Google announced it’s building a third massive data center on its nine-year-old campus in Belgium and the launch of new cloud regions in Montréal and Eemshaven, Netherlands. It also reported fourth-quarter earnings, but none of the above may be the most interesting Google data center news this week.
That designation goes to The Wall Street Journal’s revelation that the company has been discussing a potential data center-focused joint venture with Saudi Arabian Oil Co., or Aramco, the state-owned oil giant that’s one of the biggest companies in the world.
The report relies on anonymous sources and doesn’t contain many specifics on the potential venture’s purpose but speculates that Aramco, which is trying to go public, may be looking to beef up its valuation by positioning itself as a tech-oriented energy company. Using technology to get better at resource extraction is the latest front in competition in the oil-and-gas market.
Content of the talks between the two companies has included joint construction of a “large technology hub” in Saudi Arabia and data centers around the kingdom.
The article also speculates that Aramco may be looking to replace its own data centers with cloud services. Given that the company is state-owned and that Google doesn’t have any cloud data centers in the country, it makes sense that Aramco may be reluctant to sign a cloud-services contract that would require its data to be stored in Europe, where the nearest Google data centers are located. There are also network latency and bandwidth cost concerns when cloud services are hosted in facilities that are far away from their users.
A cloud provider operating dedicated data centers for a single client is uncommon, but not unheard of. Cloud giants do it from time to time for big customers in deals that will reliably generate lots of revenue for many years to come.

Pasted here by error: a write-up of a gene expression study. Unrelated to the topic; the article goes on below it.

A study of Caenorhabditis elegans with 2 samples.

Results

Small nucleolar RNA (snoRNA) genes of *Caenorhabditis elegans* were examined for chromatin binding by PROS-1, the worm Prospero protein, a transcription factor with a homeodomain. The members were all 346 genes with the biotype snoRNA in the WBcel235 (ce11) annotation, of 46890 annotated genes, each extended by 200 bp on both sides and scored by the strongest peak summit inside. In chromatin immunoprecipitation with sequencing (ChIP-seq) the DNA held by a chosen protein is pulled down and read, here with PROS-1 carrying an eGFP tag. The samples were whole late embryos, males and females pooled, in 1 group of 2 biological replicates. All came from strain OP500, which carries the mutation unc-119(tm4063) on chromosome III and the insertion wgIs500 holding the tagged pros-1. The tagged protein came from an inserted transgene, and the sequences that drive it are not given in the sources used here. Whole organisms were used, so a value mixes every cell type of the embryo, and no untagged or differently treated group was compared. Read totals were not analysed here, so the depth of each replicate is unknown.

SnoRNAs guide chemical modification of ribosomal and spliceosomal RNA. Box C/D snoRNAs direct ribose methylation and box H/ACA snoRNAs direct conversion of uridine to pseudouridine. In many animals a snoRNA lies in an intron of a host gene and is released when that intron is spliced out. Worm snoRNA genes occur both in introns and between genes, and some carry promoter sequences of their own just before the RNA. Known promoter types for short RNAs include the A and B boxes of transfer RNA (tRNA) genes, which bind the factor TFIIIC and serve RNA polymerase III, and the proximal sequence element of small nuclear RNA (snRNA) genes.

Microsoft, for example, bought a 150,000-square foot San Antonio data center from Chevron last year, after the two signed a big seven-year cloud services contract. At the time, Chevron told San Antonio Business Journal that the contract was part of the company’s push to use new technologies to make more money and improve operational safety and reliability. According to the report, Microsoft would build a dedicated Azure cloud environment for Chevron inside the facility, although it’s possible that the cloud provider would use the building to host Azure infrastructure for other customers too.
Amazon has gone as far as building a private mini-version of its Amazon Web Services cloud just for the US Intelligence Community. The so-called “Secret Region” started by serving the CIA but last year expanded to serve other government agencies that handle highly sensitive data.
These deals illustrate how far cloud giants are willing to go to land major enterprise cloud contracts and another major competitive threat to specialist data center providers, such as CyrusOne, Digital Realty Trust, or Interxion. These providers are all working the hybrid-cloud angle, anticipating that most enterprises will use a combination of colocation or on-premises data center footprint and cloud.
In Google’s case, a deal with Aramco would not only mean new revenue from a wealthy, prestigious client; it would also mean expanding into a new market with an anchor customer. It’s a much safer way to enter an unfamiliar market than investing tens if not hundreds of millions of dollars to build cloud data centers there without knowing what kind of demand to anticipate.
If it does enter the Saudi market, Google won’t have it all to itself. According to The Wall Street Journal report, Amazon is close to signing a $1 billion deal to build three data centers in Saudi Arabia.